Four rising stars of the opera and concert world will join music director Eckart Preu and the Spokane Symphony Orchestra for an evening of the most famous operatic music ever composed.
Mela Dailey (soprano), Jami Tyzik (mezzo), Brandon Wood (tenor) and Marcus DeLoach (baritone) “have performed this program together for about three years,” Dailey said.
The concert will include such vocal chestnuts as: “Habanera” and “Toreador Song” from “Carmen”; “La donna e mobile” from “Rigoletto”; “O mio babbino caro” from “Gianni Schicchi”; “Non piu andrai” from “The Marriage of Figaro”; the famous quartets from “La Boheme” and “Rigoletto” and several more familiar excerpts.
Instrumental numbers include “Bohemian Dance” from “Carmen” and the overtures to “The Marriage of Figaro” and “La Forza del Destino,” and Act III from “Lohengrin” that introduces the well-known “Bridal March.”
Dailey grew up in east Texas and received her advanced training at the University of Texas in Austin. She said that one of her favorite selections is the Act II duet from “La Boheme.”
“Getting carried off stage singing a high C – it just doesn’t get better than that,” she said.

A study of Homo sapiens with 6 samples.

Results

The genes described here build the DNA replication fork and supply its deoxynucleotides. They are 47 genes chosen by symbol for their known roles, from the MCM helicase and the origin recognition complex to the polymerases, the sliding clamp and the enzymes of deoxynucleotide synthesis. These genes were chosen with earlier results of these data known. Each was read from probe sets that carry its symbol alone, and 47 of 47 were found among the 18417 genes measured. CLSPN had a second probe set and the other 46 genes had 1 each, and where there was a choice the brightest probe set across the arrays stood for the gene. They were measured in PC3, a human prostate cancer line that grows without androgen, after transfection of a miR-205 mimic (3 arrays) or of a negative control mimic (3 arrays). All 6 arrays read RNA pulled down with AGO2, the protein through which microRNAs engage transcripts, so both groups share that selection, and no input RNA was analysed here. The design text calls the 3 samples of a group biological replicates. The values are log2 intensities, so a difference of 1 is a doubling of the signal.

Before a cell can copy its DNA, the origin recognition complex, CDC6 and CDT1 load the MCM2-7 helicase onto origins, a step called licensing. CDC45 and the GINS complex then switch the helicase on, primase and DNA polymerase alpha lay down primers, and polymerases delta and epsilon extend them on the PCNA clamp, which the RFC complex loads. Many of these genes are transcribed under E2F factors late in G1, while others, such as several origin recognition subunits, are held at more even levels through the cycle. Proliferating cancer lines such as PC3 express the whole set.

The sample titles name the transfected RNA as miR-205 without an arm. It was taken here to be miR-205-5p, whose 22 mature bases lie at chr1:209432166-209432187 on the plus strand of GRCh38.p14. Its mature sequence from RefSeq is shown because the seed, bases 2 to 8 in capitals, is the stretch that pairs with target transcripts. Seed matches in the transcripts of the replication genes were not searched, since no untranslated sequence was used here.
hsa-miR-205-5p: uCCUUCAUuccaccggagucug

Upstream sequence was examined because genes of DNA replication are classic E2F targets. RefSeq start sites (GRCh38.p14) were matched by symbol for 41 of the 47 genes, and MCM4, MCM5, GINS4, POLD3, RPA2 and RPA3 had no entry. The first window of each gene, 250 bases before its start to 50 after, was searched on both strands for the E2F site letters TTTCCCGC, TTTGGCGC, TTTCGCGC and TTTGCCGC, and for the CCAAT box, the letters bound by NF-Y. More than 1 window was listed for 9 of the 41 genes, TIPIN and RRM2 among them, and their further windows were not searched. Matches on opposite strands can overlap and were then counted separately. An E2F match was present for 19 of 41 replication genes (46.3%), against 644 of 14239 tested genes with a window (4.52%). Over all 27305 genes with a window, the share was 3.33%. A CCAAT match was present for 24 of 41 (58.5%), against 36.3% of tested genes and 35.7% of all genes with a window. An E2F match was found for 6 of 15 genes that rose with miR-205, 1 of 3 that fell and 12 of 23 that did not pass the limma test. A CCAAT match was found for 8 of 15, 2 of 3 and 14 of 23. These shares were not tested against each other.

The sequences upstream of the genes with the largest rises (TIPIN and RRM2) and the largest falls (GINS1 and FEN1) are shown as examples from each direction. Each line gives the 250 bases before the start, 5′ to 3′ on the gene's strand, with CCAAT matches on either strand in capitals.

Tyzik, who is the founder of the show, said the program stems from her summer spent singing at the Aspen Music Festival.
“We would often do these very fun and intimate concerts in donors’ homes. We would be singing the greatest hits of opera up close and personal, speaking directly to our audiences and making them feel part of the show,” she said. “We will do our best to bring the audience into each and every piece as we act out the various scenes and introduce the numbers.”
Wood has appeared in a variety of operatic roles ranging from the 18th century to newly composed works. He received his bachelor’s degree in music from Virginia Commonwealth University. Wood was a regional finalist in the Metropolitan Opera National Council Auditions. He recently made his New York debut at Lincoln Center’s Avery Fisher Hall as Tom in “Babes in Toyland.”
DeLoach, who is performing in Spokane for the first time, said he is very excited to be working with the symphony “as well as working with one of my favorite groups of people and performing such wonderful music from the greatest operas ever.”
DeLoach has also composed a 30-minute work to introduce children to the world of opera called “Mooch the Messy” that was premiered during a 2010 music festival in Greenwood, S.C.